Understanding the numbers

It’s very important for you to understand the numbers of your IT business. There are certain things you should know if you are going to support your company effectively.

Let me give you an example. In conducting an IT assessment for a small company many years ago, I asked the IT resource responsible for their Help Desk, “How many client support calls do you get a month?”

The reason I asked this question was because I had learned from the IT clients (Senior managers and Department managers) that IT was poor in following-up and in communicating the status of their support requests, , , sort of like, “things just fall into a black hole”.

It’s a simple question and doesn’t even get into the detail of:

  • What is the mix of type of calls you receive?
  • Where do the majority of calls come from?
  • What is your response rate?
  • Who on your IT staff is getting most of the work done?

A good Help Desk process captures this type of data and tells you what’s going on.

The technical resource answered, “I don’t know.”

What did this tell me about how Help Desk support was being conducted?

You got it, , , this IT organization wasn’t supporting the client very well, , , and the rest of the IT assessment verified it. If you don’t know what kind of support calls you are receiving, how many, where they are coming from, how quickly you are responding, and who is doing the work, , , then you don’t know very much about your support business.

And if you don’t know much about your support business, , , it is very hard, if not impossible, to support your client very well.

It is imperative you understand what’s going on so you can determine what to do and where to focus to become a more effective IT support organization.

There are many other numbers you need to know. Here is a short sampling:

  • How much is IT spending?
  • How much is IT spending as a percentage of company revenue?
  • Where are your major expense areas and how significant are they?
  • What are the spending trends of your major expense areas?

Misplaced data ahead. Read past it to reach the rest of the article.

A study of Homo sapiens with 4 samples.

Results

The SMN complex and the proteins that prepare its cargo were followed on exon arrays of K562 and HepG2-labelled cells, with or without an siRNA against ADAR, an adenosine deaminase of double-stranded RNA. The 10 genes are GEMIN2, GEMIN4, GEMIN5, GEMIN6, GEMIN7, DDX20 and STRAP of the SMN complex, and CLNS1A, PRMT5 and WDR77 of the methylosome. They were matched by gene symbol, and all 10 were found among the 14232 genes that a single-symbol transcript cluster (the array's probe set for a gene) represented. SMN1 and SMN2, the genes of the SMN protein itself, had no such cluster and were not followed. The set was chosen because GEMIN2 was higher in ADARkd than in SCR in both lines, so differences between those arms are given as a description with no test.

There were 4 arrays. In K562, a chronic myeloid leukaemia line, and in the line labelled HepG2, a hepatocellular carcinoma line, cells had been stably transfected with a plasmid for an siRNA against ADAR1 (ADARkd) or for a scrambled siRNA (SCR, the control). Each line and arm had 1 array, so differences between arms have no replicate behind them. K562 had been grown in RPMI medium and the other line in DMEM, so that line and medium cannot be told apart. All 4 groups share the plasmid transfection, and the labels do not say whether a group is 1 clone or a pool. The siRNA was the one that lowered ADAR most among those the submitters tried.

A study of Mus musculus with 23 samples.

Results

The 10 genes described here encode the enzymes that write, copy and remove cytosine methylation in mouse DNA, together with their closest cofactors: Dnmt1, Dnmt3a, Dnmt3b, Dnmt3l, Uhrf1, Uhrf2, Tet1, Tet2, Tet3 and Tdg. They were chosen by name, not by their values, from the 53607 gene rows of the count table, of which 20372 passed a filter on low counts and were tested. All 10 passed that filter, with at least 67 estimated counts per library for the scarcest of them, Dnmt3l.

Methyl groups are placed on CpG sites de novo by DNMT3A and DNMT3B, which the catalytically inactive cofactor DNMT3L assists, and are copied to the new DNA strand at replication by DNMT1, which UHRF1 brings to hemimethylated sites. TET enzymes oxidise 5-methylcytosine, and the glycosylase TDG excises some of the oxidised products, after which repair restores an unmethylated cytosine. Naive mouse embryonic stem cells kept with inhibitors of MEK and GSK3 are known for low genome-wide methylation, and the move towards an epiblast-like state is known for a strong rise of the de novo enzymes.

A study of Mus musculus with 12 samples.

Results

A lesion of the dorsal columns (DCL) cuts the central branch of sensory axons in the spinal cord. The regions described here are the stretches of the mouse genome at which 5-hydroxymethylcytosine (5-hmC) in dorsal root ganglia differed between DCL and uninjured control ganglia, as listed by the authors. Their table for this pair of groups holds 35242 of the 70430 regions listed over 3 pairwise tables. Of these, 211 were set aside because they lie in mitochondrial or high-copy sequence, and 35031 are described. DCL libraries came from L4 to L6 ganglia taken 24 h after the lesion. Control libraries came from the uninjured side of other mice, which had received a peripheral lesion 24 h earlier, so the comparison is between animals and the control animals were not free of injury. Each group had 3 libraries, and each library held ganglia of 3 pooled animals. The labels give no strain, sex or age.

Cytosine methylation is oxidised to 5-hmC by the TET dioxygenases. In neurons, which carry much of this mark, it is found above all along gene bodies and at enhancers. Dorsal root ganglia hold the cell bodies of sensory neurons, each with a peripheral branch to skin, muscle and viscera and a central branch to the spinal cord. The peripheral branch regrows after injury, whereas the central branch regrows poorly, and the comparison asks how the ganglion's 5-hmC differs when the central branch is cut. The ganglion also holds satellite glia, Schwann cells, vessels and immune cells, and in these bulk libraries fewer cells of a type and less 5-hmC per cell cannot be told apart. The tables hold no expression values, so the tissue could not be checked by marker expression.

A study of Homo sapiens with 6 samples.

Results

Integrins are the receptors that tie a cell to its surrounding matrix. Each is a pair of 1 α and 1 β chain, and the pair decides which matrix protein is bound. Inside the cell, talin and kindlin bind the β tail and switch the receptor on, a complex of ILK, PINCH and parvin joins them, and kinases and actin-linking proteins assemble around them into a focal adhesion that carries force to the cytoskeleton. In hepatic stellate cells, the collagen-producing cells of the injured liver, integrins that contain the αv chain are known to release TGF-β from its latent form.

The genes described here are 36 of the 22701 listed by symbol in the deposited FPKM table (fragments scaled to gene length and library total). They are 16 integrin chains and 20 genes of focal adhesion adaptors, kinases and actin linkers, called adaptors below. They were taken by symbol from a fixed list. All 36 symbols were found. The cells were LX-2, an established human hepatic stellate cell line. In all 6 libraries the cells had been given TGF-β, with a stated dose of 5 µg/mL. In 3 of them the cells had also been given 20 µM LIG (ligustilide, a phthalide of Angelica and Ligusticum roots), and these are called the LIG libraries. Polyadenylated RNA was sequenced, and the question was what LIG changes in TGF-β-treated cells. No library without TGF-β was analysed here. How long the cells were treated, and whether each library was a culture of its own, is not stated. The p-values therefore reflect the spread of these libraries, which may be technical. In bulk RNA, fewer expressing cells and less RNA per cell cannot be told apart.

• How big is your business application software request backlog?
  • How much programming output are you getting per programmer each month?
  • What is the quality level of your programming support team?
  • How many users per desktop support technician in your company?
  • How long does it usually take to resolve a support issue?
  • How happy are your clients?
  • What are the trends of client satisfaction surveys year over year?
  • How effective are you in delivering projects successfully?
    • On time
    • Within budget
    • Meeting client needs
    • Achieving expected benefits

Collecting and tracking the numbers of these types of things helps you understand the “Business of IT”.

Your approach in what you track doesn’t have to be complex or even sophisticated. Basic information can tell you a lot and even give you a good story to share with your client.

Let me give you another example.

Let’s say you just start tracking the number of Help desk calls you receive in a month, , , just the total number of calls that come in. After 30 days, you learn that it is roughly 400 calls in a month and half, or roughly 200 calls a month are printer related, , , some kind of printer or printing type of issue.

You analyze the information captured in these printer support calls and determine you have similar trends that are causing a lot of the printer support issues.

You and your team devise a preventive action strategy to prevent these specific types of issues from occurring, , , and sure enough, after a few months, your printer calls go from 200 per month to less than 100 calls per month. That’s a 50% reduction in the number of printer problems your clients report, , , a POWERFUL and POSITIVE story.

Here is why:

  • You realize there is a problem
  • You track and measure what’s going on
  • You take action with preventive strategies
  • The positive results show up in the numbers

A chart like this is as simple as you can get but as simple as it is,  it tells management you are operating more like a business than just working on technology. It says you recognize what the issues are and you take action to do something about it, , , preventing client problems is actually a BIG DEAL.

It’s a positive story for many reasons:

  • Your client’s productivity improves
  • Your IT staff support productivity improves
  • Hassle factor for the client goes down, , ,  and they like it

Knowing your numbers and understanding the dynamics of your support business is key. Make it a focus to better understand all parts of what’s going on in your business and you will see an improvement in how others perceive your organization.